Photographs8 views of Egypt 3
MapTopoQuest topographic map of Egypt 3
(the drainage east of 5471T).
It's a short walk from the small parking area at the side of the approach road down a shallow gully to the sudden vertical drop off at the head of the canyon, where Egypt 3 plunges 120 feet as it enters the Navajo sandstone layer. Beneath the dryfall are a few deep pools and a short stretch of narrows; the main canyon starts a little further on, after an open area reached by walking along the rim to the left and descending a steep slope to the canyon floor. Downstream of this access point, the streambed is soon quite enclosed and begins to descend steadily - short level passages are mixed with numerous inter-connected potholes some of which require climbing and/or sliding down drops of several meters. Parts are quite dark with blackish, overhanging cliffs at either side but mostly the rocks are smooth and red, and the walls although generally angled away from vertical are consistently high and offer no escape routes.
In wet weather the potholes may have pools of up to 3 feet deep, and all of this section requires care and effort, especially if returning upstream. The greatest obstacle is one pothole that is just too deep, wide and with sheer sides that the only way past is to drop in the water (if present) then climb back out, and this may not be possible for one person. Not far beyond this problematic spot, the upper narrows end and there is an entry/exit point up a low side canyon that joins from the northeast. The only aspect spoiling the upper narrows is the amount of black shoe leather marks left by people sliding down between the potholes but perhaps these will be washed away each time the canyon floods.
Next, the canyon takes on quite a different character as it enters half a mile of straight but extremely narrow passageways, in places only 8 inches wide. Many people simply won't fit through here, certainly not with large backpacks. The walls are dark in color and have exposed layers of embedded pebbles, creating a rather eerie atmosphere, similar to parts of Brimstone Gulch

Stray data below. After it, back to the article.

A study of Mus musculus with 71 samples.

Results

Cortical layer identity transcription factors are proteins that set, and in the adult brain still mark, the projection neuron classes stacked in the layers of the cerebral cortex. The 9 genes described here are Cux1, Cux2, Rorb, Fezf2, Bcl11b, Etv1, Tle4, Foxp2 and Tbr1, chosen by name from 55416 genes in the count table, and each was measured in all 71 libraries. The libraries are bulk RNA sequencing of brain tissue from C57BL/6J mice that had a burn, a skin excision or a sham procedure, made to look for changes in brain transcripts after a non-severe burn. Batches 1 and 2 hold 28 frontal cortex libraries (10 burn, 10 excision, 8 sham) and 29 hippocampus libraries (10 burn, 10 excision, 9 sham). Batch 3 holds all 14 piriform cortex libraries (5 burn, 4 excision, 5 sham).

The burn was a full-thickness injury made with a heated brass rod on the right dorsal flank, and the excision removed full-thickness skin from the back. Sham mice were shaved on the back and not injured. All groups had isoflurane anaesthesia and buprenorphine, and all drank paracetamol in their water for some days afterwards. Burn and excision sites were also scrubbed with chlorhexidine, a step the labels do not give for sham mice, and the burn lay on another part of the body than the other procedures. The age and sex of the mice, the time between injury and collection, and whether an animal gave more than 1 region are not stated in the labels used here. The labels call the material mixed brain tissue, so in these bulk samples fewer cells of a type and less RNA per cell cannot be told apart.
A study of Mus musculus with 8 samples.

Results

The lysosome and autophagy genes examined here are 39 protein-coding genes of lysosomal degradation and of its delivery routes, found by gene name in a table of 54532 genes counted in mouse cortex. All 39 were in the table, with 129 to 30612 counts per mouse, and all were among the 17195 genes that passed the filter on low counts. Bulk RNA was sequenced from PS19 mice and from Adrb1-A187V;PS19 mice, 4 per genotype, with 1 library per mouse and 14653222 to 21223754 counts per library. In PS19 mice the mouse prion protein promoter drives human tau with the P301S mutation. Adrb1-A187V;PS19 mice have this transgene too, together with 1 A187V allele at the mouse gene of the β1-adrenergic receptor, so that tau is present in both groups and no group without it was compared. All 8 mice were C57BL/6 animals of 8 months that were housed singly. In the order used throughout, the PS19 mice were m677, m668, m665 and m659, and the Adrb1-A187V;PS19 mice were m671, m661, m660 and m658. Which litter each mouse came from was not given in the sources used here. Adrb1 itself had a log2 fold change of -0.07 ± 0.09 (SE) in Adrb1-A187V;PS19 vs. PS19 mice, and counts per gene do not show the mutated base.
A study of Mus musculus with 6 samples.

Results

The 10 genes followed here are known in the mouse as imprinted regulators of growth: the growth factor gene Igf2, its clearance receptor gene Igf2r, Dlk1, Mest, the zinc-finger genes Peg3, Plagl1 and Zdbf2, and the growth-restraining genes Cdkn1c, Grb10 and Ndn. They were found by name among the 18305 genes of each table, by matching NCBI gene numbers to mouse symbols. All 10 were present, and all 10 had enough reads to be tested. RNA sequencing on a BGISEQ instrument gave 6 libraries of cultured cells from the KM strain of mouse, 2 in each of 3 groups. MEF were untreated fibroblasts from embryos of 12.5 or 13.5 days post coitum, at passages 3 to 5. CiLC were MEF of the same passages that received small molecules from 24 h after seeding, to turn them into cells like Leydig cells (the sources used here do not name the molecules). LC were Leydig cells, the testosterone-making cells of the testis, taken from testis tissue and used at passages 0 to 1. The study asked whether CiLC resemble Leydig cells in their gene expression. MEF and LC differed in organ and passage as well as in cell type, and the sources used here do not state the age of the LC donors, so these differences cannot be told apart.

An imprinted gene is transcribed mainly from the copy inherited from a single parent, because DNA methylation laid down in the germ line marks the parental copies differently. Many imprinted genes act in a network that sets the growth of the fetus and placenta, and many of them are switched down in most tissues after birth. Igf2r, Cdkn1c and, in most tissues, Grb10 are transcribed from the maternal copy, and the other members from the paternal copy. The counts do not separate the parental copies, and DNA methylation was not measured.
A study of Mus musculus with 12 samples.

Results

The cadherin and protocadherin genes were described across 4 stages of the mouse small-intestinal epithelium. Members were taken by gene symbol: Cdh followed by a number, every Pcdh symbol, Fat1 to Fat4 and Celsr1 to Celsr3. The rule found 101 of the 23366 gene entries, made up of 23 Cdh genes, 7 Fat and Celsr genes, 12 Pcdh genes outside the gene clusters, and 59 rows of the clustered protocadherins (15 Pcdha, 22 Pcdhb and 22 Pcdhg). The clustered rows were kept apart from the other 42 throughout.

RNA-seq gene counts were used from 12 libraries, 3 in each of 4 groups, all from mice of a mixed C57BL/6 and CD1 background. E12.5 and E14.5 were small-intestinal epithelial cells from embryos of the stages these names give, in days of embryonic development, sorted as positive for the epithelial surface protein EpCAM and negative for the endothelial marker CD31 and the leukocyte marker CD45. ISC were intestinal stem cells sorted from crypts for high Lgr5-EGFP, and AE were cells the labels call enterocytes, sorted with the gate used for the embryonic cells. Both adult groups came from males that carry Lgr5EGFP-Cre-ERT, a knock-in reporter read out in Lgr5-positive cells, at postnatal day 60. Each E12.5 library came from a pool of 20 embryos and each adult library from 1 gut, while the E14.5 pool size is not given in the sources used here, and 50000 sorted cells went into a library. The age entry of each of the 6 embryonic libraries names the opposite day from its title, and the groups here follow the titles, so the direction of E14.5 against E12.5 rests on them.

. Apart from the narrowness, this section has no obstructions - the floor is flat and sandy, or just bare rock, and there are no dryfalls.
Eventually the canyon relents and for another half mile or so is quite open and shallow, with many places to climb out. Near the end, approaching the junction with Twentyfive Mile Wash and just before the smaller Egypt 2 canyon joins from the west it deepens again, passes 3 little natural bridges, drops 10 feet into a pothole then has a much higher drop into a deep passage - ropes are needed to continue, although not far ahead the narrows end quite abruptly after a permanently flooded section that may need swimming.
From the Egypt Bench road to the natural bridges is just over 4 miles, which takes about 2 hours if hiked quickly. An alternative to returning up the canyon is to climb the ridge between it and the Egypt 4 drainage to the east, then follow this back to the road - a nice walk over sandstone mounds with far reaching views over the rocky land all around.